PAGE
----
As promised, here are the results of my first ever PCR. Here is some background:
I am going to be running some population genetics on sandbar shark DNA with the intention of comparing subpopulations from South Carolina with those from Virginia.
I am in the very early stages- seeing which primers work for PCR. Four primers each were tested- called A, B, C and D- on three shark DNA samples and a negative control. Ignore the samples on the bottom, they are from another student’s project. The four samples in the upper right are my negative controls.
The PCR was run yesterday (my first PCR), and I ran the gel today (my first gel).
It seems to me that Primer A is successfully copying my DNA during PCR, while B, C, and D are not.
Pah, that’s no good. The first time I ran PCR, I even amplified DNA from my negative control. You’ve got a long way before you reach MY proficiency.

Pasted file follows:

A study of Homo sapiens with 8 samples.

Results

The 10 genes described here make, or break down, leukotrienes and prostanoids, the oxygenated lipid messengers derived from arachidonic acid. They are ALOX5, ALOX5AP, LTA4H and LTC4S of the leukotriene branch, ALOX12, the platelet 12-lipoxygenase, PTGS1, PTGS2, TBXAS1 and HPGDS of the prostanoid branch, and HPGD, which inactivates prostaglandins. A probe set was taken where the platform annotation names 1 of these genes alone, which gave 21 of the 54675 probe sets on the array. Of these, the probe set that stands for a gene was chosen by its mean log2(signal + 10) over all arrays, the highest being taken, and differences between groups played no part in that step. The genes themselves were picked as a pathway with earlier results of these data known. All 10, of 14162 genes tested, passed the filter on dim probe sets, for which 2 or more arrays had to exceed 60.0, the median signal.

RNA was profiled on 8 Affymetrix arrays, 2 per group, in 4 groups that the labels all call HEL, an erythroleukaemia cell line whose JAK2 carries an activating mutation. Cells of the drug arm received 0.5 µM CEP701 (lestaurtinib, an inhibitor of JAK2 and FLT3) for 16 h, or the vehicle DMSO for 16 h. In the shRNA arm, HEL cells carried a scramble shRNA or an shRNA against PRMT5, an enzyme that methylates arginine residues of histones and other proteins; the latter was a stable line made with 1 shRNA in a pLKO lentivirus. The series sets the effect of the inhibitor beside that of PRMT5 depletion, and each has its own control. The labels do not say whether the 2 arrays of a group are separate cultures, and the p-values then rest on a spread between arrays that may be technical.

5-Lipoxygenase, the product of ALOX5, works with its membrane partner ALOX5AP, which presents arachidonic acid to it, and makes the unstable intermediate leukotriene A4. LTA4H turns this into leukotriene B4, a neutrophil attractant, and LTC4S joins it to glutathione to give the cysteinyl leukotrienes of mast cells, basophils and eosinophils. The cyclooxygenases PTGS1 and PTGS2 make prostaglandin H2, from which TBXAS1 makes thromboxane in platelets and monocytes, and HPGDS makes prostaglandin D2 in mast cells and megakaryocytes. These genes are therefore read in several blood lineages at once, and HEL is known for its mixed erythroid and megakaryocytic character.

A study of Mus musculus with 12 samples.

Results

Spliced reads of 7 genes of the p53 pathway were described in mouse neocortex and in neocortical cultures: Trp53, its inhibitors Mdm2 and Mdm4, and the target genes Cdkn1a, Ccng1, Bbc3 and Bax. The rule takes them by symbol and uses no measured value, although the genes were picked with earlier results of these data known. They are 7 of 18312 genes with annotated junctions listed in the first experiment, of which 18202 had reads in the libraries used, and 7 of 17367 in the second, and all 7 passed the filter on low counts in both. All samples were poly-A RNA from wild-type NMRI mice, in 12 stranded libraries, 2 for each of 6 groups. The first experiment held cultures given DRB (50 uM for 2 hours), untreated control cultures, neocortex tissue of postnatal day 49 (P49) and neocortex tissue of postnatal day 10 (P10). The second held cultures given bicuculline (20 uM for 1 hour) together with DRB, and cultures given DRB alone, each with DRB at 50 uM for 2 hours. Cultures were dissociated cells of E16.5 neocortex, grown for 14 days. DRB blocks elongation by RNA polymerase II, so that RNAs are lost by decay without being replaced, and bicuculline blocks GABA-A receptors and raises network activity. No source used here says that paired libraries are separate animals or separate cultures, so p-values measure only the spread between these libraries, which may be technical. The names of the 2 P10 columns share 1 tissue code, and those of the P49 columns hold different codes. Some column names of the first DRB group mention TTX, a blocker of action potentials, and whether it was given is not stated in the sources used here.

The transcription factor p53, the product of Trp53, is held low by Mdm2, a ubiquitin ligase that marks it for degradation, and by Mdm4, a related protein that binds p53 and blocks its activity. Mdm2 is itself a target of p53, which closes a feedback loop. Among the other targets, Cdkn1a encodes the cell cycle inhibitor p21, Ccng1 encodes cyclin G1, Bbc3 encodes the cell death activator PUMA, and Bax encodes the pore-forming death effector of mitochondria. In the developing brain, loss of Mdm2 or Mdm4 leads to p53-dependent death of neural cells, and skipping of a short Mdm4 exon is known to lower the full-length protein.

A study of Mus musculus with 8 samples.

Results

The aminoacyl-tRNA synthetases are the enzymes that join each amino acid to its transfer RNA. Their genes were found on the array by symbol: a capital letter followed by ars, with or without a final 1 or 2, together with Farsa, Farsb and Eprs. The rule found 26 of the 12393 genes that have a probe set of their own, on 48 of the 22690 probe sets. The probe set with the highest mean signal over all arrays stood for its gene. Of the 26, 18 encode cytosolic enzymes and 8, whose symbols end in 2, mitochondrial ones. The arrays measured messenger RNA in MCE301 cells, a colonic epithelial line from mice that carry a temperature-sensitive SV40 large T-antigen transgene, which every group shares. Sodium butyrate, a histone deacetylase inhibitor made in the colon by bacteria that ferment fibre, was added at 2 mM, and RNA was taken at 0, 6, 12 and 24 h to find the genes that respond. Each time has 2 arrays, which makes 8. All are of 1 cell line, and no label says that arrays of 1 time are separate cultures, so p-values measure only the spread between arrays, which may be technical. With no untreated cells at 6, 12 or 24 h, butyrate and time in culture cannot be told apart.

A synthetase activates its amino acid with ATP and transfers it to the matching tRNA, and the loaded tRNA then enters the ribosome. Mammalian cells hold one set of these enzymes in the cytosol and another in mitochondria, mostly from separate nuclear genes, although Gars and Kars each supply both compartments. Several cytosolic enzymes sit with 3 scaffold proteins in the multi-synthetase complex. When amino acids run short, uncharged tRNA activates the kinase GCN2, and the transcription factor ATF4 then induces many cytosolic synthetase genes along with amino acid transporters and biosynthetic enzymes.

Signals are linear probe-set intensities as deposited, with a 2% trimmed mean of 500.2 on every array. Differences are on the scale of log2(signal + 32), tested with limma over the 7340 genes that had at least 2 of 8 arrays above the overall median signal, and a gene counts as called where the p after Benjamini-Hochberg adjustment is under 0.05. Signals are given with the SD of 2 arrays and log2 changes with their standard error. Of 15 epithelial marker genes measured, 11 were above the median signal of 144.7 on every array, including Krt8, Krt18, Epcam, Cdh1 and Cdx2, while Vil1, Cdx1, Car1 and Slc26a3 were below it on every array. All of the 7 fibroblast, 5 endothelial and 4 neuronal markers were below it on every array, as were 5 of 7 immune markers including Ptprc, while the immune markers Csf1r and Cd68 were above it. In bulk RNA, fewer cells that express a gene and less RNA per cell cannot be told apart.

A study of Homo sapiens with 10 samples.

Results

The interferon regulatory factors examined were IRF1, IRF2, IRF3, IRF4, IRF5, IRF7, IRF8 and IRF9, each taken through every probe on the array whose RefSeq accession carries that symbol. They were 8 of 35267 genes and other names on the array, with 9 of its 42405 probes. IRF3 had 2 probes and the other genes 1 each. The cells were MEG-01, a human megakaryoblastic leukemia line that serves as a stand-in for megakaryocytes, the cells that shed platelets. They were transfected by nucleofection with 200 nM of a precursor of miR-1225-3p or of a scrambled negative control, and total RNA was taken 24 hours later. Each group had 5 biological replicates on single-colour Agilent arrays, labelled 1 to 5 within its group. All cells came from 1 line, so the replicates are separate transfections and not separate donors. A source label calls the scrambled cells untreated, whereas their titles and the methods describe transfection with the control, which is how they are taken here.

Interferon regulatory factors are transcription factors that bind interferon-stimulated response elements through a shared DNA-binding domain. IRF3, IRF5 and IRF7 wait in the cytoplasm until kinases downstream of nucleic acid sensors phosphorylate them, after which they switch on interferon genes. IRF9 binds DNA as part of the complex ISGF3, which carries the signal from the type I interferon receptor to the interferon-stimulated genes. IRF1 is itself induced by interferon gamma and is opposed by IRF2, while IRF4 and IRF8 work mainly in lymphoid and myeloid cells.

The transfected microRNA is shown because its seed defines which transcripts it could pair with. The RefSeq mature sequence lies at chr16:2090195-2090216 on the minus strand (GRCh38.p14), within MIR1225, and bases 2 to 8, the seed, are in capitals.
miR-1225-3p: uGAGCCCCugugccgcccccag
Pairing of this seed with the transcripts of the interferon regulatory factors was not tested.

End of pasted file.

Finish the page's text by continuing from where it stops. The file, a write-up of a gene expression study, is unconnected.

Where’s your size standard?
Is a size standard the same thing as a “ladder”? If so, it’s on the far right.
He means you don’t have any sort of measuring device in the photo so we can’t see what the scale is.
What happened with the ladder?
Your ladder had a seizure than. You want bands, not blobs.
Undoubtedly it’s not a clean gel, and I will be trying it again early next week.
However, is it still reasonable to conclude that primer A resulted in PCR amplifying DNA and primers B, C and D did not?
No way. Without a clear size standard you have no idea how big the fragments are. Primer pair A could have just annealed to each other and created 50 base pair primer dimers.
The smeariness of the product also suggests you have quite a bit of non-specific amplification.
LOL that is the shittiest gel I’ve ever seen. I agree with SFS that with this image you cannot conclude anything. But hey, congrats on doing some science finally! Just need a little more practice and you’ll be rocking the shark DNA.
Thanks for the advice and encouragement, guys! Once I get a good looking gel, I’ll post that. This was my first one, so I was pretty happy that I didn’t burn the lab down accidentally.
It’s actually a very good sign. As a general rule, your first gel will either be the best you ever see or the worst. Make your sacrifice to the PCR gods, google Kery Mullis, and enjoy.